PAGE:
2002 Denver Annual Meeting (October 27-30, 2002)

Paper No. 5
Presentation Time: 9:10 AM


SCHMIERMUND, Ron L. and FILAS, Barbara A., Knight PiƩsold & Co, 1050 17th St., Suite 400, Denver, CO 80265, rons@kpco.com

Common practices affecting the design and implementation of environmental programs for mining projects compromise environmental stewardship and corporate governance, threatening the sustainability of the industry.

The timing and quality of environmental studies is critical to the objective evaluation of environmental risks and accurately determining short- and long-term operating and closure costs for inclusion in project financial models. Unfortunately, important studies are often commissioned only after a corporate decision to proceed with a mine has been made, which often results in unrealistic time tables and a bias toward supporting the apparent viability of the project. Risks tend to be down-played or even ignored, effectively pre-ordaining a favorable environmental outlook. Only after startup of operations is the bigger picture realized and environmental risks and costs fully understood and embraced.

Traditional approaches to environmental impact prediction are ill-suited to early and timely implementation. However, highly useful and insightful methods exist in the form of geo-environmental models grounded in the vast knowledge of ore deposits. As the conceptual model for a prospect evolves, geo-environmental models can be economically applied in parallel. Critical information is thus available early, helping to better focus required subsequent work on viable projects, or to avoid further investment in uneconomic projects.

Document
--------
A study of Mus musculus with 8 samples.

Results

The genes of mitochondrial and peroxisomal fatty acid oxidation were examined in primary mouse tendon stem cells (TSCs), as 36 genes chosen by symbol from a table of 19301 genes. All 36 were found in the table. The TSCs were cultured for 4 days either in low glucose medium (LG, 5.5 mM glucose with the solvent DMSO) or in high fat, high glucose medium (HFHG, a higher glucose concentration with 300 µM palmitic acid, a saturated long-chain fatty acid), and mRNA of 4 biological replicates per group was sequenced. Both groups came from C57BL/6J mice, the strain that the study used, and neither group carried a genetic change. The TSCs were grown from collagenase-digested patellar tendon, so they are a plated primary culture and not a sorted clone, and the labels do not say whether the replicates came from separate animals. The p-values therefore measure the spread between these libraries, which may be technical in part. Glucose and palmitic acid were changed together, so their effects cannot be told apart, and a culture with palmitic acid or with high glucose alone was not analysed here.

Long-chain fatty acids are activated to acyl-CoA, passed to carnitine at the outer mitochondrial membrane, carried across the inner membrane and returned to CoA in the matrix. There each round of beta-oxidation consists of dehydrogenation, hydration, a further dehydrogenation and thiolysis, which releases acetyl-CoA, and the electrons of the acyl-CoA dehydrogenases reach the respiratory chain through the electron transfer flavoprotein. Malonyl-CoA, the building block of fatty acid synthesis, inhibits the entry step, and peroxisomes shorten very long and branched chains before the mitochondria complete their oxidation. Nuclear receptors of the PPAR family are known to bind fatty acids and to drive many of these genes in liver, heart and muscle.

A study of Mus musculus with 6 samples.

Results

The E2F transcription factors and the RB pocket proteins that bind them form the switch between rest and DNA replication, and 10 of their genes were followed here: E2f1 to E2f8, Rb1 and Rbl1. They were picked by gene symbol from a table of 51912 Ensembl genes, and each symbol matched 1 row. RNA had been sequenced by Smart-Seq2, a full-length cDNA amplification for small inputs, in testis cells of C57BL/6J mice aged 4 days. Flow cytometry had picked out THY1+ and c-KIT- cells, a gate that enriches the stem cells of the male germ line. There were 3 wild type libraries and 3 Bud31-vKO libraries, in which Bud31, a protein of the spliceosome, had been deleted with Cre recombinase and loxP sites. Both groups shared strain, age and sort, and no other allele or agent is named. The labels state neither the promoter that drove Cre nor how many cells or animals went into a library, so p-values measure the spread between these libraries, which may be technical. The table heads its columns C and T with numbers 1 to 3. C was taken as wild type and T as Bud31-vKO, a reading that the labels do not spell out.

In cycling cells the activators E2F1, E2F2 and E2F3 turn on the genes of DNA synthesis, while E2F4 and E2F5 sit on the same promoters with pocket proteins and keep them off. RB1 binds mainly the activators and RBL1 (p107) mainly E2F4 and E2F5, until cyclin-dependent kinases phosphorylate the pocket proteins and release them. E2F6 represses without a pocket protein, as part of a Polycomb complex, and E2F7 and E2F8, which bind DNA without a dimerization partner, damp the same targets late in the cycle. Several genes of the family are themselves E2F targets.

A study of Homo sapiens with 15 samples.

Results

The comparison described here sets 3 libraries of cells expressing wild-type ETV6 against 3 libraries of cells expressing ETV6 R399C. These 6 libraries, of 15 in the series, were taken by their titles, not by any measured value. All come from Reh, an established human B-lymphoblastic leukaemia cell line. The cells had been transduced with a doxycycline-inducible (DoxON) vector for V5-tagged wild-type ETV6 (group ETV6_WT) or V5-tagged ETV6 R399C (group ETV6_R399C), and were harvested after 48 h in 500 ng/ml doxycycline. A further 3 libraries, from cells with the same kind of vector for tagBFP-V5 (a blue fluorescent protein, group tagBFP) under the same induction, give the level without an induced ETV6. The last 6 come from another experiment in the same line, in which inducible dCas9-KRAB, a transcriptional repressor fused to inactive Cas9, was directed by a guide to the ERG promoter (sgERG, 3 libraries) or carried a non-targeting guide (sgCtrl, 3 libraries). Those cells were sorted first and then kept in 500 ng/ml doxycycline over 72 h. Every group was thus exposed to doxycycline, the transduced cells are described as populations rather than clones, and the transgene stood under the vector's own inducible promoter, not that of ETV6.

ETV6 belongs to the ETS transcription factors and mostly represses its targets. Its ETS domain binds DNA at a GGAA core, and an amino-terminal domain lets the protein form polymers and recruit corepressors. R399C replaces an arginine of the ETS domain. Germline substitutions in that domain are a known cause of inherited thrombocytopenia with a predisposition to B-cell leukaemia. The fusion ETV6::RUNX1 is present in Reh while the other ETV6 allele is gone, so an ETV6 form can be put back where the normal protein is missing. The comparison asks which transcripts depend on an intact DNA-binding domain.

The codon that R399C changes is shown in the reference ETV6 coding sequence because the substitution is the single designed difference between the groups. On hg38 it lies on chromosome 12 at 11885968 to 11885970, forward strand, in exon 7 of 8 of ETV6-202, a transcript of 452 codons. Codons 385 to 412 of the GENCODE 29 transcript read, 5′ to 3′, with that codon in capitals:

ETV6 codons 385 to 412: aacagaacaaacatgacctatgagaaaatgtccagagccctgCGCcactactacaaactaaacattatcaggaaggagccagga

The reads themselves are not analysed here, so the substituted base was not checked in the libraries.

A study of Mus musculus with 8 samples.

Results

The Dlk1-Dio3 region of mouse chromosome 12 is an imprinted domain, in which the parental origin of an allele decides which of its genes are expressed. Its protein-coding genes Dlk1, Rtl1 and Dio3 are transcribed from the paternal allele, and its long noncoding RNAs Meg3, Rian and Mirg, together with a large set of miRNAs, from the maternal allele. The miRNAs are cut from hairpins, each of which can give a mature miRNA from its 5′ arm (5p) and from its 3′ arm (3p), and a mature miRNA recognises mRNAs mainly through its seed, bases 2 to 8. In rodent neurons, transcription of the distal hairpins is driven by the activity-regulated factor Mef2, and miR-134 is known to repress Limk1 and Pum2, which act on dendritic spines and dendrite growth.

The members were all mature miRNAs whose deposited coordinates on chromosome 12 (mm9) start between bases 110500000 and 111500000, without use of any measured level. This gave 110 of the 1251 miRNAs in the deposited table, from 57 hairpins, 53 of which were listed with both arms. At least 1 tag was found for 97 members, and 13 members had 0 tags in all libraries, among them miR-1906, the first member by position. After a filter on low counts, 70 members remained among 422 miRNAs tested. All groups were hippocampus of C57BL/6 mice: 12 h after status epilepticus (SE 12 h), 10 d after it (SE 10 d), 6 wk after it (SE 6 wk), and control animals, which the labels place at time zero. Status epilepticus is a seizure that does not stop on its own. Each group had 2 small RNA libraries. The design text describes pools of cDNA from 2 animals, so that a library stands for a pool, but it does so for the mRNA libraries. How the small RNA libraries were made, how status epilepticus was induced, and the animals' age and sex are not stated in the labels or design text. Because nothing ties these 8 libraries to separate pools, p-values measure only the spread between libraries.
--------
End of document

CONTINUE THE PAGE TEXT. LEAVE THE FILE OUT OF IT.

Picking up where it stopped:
Finally, a persistent tendency to minimize the gravity of environmental issues seems to cause cost, not quality, to be the primary basis for selecting contractors. Unrealistically low bids for contracted services are often based on perfunctory work scopes, excessive change orders, and inexperienced personnel. An industry-wide paradigm shift toward more realistic recognition of long-term environmental costs will result in higher quality services being the rule rather than the exception.